SEE ALSO A IR P OLLUTION ; A STHMA ; CFCs (C HLOROFLUOROCARBONS) ; E LECTRIC P OWER ; H ALON ; M ONTRÉAL P ROTOCOL ; NO x (N ITROGEN O XIDES) ; S MOG ; V EHICULAR P OLLUTION ; U LTRAVIOLET R ADIATION ; VOCs (V OLATILE O RGANIC C OMPOUNDS) .
The Arctic region is typically spared the worst of the ozone destruction because
its vortex normally breaks down several weeks before the sun returns, dissipating
the ice clouds. The larger percentage of land masses in the northern latitudes,
particularly mountains, prevents an excessive build-up of ice clouds. Geography
isn't always enough to dissipate the vortex, however. The North Pole's vortex
was unusually strong and long-lived during the winter of 1992-1993, for example.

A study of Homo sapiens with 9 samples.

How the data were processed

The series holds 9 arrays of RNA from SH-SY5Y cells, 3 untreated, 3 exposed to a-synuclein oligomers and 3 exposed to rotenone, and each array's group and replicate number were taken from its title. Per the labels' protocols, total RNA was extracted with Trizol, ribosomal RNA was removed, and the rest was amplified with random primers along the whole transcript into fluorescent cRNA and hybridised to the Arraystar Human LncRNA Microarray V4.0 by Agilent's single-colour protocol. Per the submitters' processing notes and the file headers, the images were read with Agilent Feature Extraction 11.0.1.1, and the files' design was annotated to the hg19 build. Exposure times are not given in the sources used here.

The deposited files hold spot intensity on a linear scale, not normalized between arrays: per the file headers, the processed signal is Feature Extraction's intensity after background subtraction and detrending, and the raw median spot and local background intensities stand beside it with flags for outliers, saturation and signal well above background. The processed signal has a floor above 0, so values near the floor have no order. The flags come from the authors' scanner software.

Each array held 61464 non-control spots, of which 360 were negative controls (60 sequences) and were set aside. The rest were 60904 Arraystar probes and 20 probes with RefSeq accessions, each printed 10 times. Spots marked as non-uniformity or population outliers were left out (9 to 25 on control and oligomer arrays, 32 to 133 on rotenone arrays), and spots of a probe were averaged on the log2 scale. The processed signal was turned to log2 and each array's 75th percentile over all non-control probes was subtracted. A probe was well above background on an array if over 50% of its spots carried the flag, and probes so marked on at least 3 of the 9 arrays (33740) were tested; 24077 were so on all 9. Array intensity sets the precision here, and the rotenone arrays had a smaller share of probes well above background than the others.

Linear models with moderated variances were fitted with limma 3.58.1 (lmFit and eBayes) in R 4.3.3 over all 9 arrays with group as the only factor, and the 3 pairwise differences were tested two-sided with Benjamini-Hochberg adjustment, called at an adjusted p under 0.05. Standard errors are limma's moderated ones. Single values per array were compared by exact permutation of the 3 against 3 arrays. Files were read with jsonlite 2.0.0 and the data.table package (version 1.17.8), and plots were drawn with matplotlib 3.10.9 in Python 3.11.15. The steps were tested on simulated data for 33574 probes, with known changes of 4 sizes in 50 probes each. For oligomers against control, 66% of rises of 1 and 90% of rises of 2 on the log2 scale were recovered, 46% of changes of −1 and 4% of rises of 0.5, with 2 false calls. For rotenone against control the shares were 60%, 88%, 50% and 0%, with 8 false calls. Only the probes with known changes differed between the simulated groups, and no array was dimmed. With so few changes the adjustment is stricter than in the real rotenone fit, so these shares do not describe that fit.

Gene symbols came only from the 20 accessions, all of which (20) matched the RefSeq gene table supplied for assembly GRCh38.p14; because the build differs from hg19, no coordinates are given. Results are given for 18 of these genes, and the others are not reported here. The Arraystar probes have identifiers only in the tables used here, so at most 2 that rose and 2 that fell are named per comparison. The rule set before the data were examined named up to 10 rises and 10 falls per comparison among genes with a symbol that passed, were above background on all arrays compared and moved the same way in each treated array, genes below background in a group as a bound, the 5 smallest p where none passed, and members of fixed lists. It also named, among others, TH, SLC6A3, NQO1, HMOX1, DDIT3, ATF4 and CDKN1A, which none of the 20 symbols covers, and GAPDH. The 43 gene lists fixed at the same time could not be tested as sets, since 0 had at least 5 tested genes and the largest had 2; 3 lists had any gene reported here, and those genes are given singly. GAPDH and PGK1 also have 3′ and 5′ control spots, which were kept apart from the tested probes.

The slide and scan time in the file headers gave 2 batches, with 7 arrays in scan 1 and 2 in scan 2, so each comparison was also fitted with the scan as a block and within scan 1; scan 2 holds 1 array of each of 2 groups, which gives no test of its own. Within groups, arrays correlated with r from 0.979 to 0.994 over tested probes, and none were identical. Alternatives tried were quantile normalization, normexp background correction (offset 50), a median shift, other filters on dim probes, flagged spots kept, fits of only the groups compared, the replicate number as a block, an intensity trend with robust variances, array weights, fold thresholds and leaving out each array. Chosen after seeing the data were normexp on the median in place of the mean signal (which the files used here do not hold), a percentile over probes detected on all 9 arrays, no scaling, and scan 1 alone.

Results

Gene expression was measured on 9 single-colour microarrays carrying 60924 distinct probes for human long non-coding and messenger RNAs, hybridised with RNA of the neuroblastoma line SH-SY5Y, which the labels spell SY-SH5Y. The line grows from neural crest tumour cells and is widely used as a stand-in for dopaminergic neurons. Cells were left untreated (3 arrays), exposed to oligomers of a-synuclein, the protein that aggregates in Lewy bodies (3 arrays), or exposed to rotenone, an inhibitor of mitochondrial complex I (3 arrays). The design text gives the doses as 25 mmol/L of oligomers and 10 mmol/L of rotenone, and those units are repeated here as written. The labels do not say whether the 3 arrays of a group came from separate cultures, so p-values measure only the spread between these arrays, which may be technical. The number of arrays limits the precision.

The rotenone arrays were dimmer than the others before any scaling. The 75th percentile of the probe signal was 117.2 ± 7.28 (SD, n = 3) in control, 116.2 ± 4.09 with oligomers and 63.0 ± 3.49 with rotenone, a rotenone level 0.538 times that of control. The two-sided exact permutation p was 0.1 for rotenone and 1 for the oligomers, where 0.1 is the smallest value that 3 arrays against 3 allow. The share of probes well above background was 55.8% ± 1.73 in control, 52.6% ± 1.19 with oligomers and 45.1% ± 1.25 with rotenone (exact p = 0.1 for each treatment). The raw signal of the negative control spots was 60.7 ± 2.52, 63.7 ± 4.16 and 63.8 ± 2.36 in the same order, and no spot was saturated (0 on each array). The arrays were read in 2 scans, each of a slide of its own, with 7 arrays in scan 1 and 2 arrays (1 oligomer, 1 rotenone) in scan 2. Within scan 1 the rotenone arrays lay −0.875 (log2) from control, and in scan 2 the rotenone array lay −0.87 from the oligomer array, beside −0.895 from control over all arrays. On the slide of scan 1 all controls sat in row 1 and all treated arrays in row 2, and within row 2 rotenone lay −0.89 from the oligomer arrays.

When sunlight appeared, it drove down Arctic ozone levels well into March. Because
there is more ozone over the North Pole to begin with, this decline didn't create
a hole. However, it did send ozone-depleted air over populated areas of the
Northern Hemisphere when the vortex broke up.
The loss of ozone over populous regions underscores the importance of following up on the 1987 Montreal Protocol. This agreement, now signed by more than 70 countries, set goals of reducing CFC production by 20% (relative to 1986 levels) by 1993 and by 50% by 1998. These targets have since been strengthened to call for the elimination of the most dangerous CFCs by 1996 and for regulation of other ozone-depleting chemicals. The United States and other nations are well on their way to meeting these goals. In 1993, global CFC production was already down 40% compared to 1986 levels. That's fortunate, since the CFCs already in circulation will continue to pose a threat to the earth's ozone layer for another hundred years. There is good news to this story. The graph below shows the skyrocketing path of CFC-11 from the 1950s until the mid-1990s. Recent measurements have shown a clear decline in CFC-11.